Sale of Goods Act/Hire Purchase Act



Sale of Goods Act/Hire Purchase Act

Sale of Goods Act/Hire Purchase Act


  • Sale of goods – application, definition and relevant Act
  • Conditions constituting acceptance under the contract of sale of goods
  • Duties and rights of parties to the contract
  • Hire purchase Act 1975 – application and provisions

Sale of goods

A contract of sale of goods is a contract whereby the seller transfer the property in goods to the buyer for a money consideration called the price.

The parties to this contract are known as the seller (vendor or transferor) and the buyer (vendee or transferee). The seller must be either the owner of the goods or his duly authorized agent.

The relevant law is the Sale of Goods Act 1893. This law does not cover the buying and selling of immovable or real property like land and houses. The Sale of Goods Act deals with only the rules and regulation which governs the buying and selling of personal movable property like motor vehicle, future, machinery, food, clothing and other similar commodities.

Provision of the sale of goods act (1893)
  1. A seller has the legal rights to offer goods for sale
  2. The sample goods offered to the customer must have the same quality as the actual goods the seller display for sale
  3. If the seller sells by description, the description must correspond with the description of the actual goods displayed for sale
  4. The goods must be suitable for the purpose they are meant to serve
  5. The goods offered for sale must be free from any claim in favour of any third parties (i.e. equities).
  6. A buyer must examine carefully the goods he is to buy and make sure of the quality before buying and failure to do so; he bears the consequences of any default. This is the principle of “CAVEAT EMPTOR” or “let the buyer beware”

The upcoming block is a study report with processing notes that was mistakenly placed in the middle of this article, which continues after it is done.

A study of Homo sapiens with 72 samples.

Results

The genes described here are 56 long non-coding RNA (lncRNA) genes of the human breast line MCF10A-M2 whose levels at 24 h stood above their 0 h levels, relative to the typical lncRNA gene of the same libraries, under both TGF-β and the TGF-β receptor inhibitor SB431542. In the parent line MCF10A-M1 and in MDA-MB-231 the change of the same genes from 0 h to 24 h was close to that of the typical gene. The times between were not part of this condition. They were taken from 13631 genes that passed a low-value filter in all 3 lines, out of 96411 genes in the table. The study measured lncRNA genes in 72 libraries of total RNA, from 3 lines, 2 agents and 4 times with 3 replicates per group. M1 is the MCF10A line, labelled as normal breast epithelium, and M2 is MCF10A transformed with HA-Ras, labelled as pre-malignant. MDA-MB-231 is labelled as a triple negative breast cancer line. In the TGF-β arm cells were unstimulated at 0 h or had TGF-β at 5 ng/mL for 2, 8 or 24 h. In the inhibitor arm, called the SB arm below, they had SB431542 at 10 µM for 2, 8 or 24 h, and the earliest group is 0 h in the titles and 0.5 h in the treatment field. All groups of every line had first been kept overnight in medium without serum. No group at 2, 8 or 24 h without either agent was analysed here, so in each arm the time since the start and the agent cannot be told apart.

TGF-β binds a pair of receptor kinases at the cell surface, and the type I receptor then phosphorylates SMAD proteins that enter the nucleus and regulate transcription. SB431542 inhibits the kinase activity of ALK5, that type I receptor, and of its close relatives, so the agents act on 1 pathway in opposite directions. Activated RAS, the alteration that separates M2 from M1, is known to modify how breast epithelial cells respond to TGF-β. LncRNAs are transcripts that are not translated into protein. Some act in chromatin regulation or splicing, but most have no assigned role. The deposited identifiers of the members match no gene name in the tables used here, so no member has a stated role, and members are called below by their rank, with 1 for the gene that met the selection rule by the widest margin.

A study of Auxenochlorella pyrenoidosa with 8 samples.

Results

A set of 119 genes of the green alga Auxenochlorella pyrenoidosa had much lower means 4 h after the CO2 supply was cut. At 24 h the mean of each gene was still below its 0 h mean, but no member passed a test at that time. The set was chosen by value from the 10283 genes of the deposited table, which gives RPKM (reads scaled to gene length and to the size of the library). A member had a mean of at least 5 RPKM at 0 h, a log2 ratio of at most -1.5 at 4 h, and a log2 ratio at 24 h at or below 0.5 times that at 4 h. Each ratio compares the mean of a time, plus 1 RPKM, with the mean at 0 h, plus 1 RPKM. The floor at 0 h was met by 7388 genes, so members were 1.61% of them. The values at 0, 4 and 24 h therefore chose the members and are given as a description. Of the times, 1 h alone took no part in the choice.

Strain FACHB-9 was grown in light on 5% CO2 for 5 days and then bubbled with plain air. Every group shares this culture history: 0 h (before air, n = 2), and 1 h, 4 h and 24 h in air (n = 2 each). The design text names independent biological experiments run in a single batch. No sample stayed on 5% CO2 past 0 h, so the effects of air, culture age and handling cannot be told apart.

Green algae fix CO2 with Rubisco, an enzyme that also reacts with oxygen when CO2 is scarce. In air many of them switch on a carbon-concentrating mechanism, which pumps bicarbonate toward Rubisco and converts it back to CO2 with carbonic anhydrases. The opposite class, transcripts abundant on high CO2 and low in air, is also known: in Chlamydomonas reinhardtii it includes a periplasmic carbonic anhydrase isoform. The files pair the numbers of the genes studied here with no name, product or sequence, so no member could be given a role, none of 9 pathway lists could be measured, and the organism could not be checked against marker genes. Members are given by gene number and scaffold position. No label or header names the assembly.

Conditions that constitutes acceptance in the contract of sale of goods

In a contract of Sale of Goods, the buyer is deemed to have accepted goods (i.e.) taken over their ownership under the following circumstances

  • If he informs the seller that he has accepted them
  • If, after receiving the goods he does any act in relation to the goods which can only be done by the owner e.g. reselling the goods.
  • If he retains the good beyond a reasonable period without informing the seller that he rejected them.


  1. State three provisions of the Sales of Goods Act 1893
  2. State three conditions that constitute acceptance in a contract of Sale of Goods
Duties and rights of parties of the contract
  • Sellers owe the duty, subject to the express terms of the contract to:
  1. Deliver the goods and at the right time
  2. Ensure that the goods supplied are of the right quantity and quality
  3. Pass good title to the buyer
  • Buyers too owe the duty, subject to the express terms of the contract
  1. To accept and pay for the goods
  2. To observed all stipulations as to time

Hire purchase act 1975

This Act spells out the rights and duties of the hire purchaser (buyer) and the hire vendor (seller) and also protects the buyer from cheating and exploitation.

Provision of the hire purchase act (1975)
  1. In hire purchase transactions the cash sale price must be shown along with hire purchase price to enable the buyer to know the difference.
  2. If the buyer defaults after paying 1/3 of the hire purchase price the seller cannot repossess the article except through court order
  3. The buyer has the right to stop paying the instalments and return the article if he has paid ½ of the hire purchase price.
  4. Where the buyer is compelled or made to sign the Hire Purchase agreement at his home, he has the right to cancel it within three days of the contract.


  1. State two duties of buyers in a sale of goods.
  2. State two provision of the Hire Purchase Act (1975)
  3. State six differences between Hire Purchase and Deferred Payment
General evaluation
  1. Explain five factors affecting the choice of transportation of frozen products
  2. State five disadvantages of air transport
  3. State seven features of a public corporation
  4. List and explain six new trends in retailing
  5. State five features of a mail-order business

Reading assignment

Essential Commerce for SS by A. O. Longe Page 288 – 290


  1. State two provisions of the sale of Goods Act 1893
  2. State four features of Hire Purchase


In our next class, we will be talking about Employer/Employee Relationship & Government Regulation of Business.  We hope you enjoyed the class.

Should you have any further question, feel free to ask in the comment section below and trust us to respond as soon as possible.